April 7, 2015

Image taken from the Assistance Dogs International Facebook page

Over the last several years research and anecdotal stories show that a dog can significantly improve the quality of life of an autistic child. This has caused a surge in interest and has unfortunately also created a surge in providers who are more interested in the $30,000 price tag than in helping a family.

Here are 7 tips on choosing a reputable organization.

  1. Are they a member of Assistance Dogs International? http://www.assistancedogsinternational.org/

This organization has standards of training that all members must adhere to for training dogs. Some of these criteria include:

  • Monthly follow ups with the client for the first 6 months and annual checks thereafter
  • Humane training methods must be used to train dogs
  • Training dogs for proper public behaviors
  • Training dogs with basic obedience commands
  • Working with clients to ensure they understand proper training techniques
  • Working with clients to ensure they understand proper dog care and health
  • Work with clients to help them add new skills as needed

Businesses that are not members of this organization should be closely examined before moving choosing them. The Assistance Dogs International website has a search function to find local organizations.

  1. ADIReview the application process completely.

The demand for service dogs is very high and the availability of properly trained dogs is limited. Any business that promises less than a year for a dog is suspect.

Some businesses such as Autism Service Dogs of America http://autismservicedogsofamerica.com/for-families/application/ do charge a small processing fee with the application. Other agencies such as Paws with a Cause https://www.pawswithacause.org/what-we-do/dogs-for-autism do not.

The application process should involve answering questions like these:

  • How old is your child? (most programs require children to be at least 5 years old)
  • Who will be trained as a facilitator?
  • Do you have other pets? (Other dogs in the home can be a problem)
  • What kinds of support does the child need?
  • What therapies is the child currently participating in?

The application process should not ask questions around financial payments, though websites will usually have information on costs and fundraising.

  1. Get referrals

Finding the right dog is more involved than many people realize. It isn’t just about the training, but also the personality of the animal and the family who wants to adopt.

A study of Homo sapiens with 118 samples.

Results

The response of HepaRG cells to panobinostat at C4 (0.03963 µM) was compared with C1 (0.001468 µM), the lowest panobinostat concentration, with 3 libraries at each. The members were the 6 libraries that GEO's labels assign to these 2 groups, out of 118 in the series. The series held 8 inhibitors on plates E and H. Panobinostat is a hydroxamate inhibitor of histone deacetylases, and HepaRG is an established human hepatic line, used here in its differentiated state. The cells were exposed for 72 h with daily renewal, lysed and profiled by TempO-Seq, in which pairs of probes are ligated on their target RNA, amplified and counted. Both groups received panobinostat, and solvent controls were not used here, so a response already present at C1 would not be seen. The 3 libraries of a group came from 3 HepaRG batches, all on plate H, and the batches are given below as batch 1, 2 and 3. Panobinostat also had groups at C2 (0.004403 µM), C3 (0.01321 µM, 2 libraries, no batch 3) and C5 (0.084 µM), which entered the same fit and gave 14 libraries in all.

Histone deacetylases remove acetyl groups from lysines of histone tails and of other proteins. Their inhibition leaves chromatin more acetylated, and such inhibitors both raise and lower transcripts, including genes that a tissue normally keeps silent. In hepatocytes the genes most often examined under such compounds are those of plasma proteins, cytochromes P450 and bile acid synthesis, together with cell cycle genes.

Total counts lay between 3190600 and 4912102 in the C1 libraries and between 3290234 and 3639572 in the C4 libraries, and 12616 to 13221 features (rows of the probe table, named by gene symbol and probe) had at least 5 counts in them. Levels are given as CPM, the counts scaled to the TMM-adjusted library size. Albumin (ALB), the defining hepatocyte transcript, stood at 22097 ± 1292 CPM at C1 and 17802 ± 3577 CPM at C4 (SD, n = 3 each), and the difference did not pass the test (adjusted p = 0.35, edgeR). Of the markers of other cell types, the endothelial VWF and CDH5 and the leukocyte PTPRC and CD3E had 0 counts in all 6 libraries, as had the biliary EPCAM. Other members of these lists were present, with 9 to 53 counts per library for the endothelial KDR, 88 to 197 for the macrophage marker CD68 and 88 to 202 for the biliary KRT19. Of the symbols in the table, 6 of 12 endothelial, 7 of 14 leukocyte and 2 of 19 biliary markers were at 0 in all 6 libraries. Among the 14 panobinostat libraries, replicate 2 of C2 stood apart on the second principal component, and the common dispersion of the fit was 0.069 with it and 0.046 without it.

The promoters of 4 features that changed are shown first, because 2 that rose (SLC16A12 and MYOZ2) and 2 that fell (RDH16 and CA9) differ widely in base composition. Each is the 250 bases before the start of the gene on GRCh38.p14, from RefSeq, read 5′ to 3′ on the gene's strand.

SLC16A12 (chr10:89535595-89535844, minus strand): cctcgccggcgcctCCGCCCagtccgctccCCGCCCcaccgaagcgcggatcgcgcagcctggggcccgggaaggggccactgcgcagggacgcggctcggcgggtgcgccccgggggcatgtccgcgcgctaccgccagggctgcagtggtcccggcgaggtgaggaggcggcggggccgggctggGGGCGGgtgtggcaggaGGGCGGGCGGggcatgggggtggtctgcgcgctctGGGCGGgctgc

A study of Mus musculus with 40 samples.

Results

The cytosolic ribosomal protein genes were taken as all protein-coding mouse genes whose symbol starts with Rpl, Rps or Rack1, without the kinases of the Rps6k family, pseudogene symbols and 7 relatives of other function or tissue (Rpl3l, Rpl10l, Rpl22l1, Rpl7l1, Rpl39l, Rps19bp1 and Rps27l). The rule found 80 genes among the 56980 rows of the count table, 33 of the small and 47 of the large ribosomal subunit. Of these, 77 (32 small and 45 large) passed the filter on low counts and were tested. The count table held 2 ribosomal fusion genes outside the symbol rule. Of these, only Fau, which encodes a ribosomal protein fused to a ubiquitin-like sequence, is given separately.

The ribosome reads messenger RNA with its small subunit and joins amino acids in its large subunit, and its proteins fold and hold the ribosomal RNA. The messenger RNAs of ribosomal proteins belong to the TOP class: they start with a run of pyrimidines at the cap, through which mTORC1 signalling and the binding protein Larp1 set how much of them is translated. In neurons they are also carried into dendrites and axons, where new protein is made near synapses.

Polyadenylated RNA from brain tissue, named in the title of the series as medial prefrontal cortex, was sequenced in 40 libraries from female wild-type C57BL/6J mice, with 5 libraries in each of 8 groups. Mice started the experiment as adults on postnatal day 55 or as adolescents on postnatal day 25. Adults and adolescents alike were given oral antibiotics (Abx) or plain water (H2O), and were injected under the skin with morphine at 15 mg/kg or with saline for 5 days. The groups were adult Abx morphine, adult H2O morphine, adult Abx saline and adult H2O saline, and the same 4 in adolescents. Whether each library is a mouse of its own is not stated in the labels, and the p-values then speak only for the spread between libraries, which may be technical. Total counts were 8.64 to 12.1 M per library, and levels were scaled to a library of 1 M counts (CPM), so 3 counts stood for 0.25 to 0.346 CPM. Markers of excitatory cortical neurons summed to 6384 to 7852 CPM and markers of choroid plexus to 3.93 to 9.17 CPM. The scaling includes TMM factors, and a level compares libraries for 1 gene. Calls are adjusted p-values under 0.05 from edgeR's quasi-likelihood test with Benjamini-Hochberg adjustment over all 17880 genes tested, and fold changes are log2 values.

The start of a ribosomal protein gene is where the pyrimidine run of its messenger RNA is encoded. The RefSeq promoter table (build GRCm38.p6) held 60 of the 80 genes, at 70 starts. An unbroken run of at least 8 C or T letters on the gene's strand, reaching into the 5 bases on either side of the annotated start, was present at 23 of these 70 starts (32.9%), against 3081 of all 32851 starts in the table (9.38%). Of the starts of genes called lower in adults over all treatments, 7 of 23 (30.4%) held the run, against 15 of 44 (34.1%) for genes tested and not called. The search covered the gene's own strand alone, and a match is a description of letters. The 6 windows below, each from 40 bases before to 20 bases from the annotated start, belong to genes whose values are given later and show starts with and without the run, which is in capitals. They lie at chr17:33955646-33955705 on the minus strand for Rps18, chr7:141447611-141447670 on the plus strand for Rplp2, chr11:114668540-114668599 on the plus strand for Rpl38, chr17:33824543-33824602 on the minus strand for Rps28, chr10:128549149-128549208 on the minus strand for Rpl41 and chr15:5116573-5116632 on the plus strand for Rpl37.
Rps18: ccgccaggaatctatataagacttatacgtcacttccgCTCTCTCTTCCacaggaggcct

Getting referrals from previous clients is one way to learn more about the dogs and the agency. Ask for 3 families from your area that have received service dogs in the past 5 years. Contact these families and ask about training, follow up and how they feel about the agency.

It is important to get this range of time to ensure the agency follows up at least annually with the families. This will also highlight those agencies that stand out in continuing education with their clients.

This continuing education is important to ensure that as the child grows and needs change the dog is trained to perform new tasks as needed.

  1. Call the IRS and Better Business Bureau

This may seem like an odd step, but many organizations that provide service dogs say they are non-profit. A call to the IRS can verify this claim. If they are lying about that, they are probably lying about the dog too.

A call to the BBB can ensure there aren’t any complaints about the organization.

  1. Ask for the names and credentials of the trainers and volunteers

Checking to ensure that individuals are actually certified dog trainers can go a long way to verify the organization will provide an adequately trained dog. It is also helpful to ask about training techniques.

  1. Ask about the breed

Autism service dogs are often retrievers or Labradors or a mix of these. Dog breeds that have calm personalities and reputations as being family dogs are the best breeds. Question the organization about the breed, where they obtain the dogs and why they choose that breed.

  1. Sign a contract

Never send money (except a small registration fee) until a signed contract is provided. This is a service and it takes time. The contract should outline exactly what services are provided and the cost. If it turns out that the terms of the contract are not met, you now have a document that can be used to take legal action.

What to Stay Away From

  • Organizations that promise to provide a fully trained service dog in less than 1 year. Service dogs must be able to handle many different situations, both at home and in public situations. This training takes time and simply cannot be done quickly.
  • Organizations that promise to help you train your existing dog to be a ‘certified’ service dog. Again, this is a scam. While dogs that are pets can receive obedience training it is impossible to train them to the level of obedience needed in public situations in a few days or even a few weeks.
  • Don’t answer ads on Facebook, Twitter, Craig’s List or any other social media. Reputable organizations receive far more requests than they have dogs and have no need to advertise. The possibility that you will receive an adequately trained animal is very small. These scams are often cheaper than reputable organizations, but you get what you pay for.

It is unfortunate that the demand for service dogs is so high and greedy people have found a way to take advantage of families who are trying to help their children. Finding an organization and following their request process can take several years, but it can be worth it.

About the author 

Dawn Marcotte

Dawn Marcotte is the CEO of WWW.ASD-DR.com, a website designed to help teens and young adults on the spectrum live to their highest potential.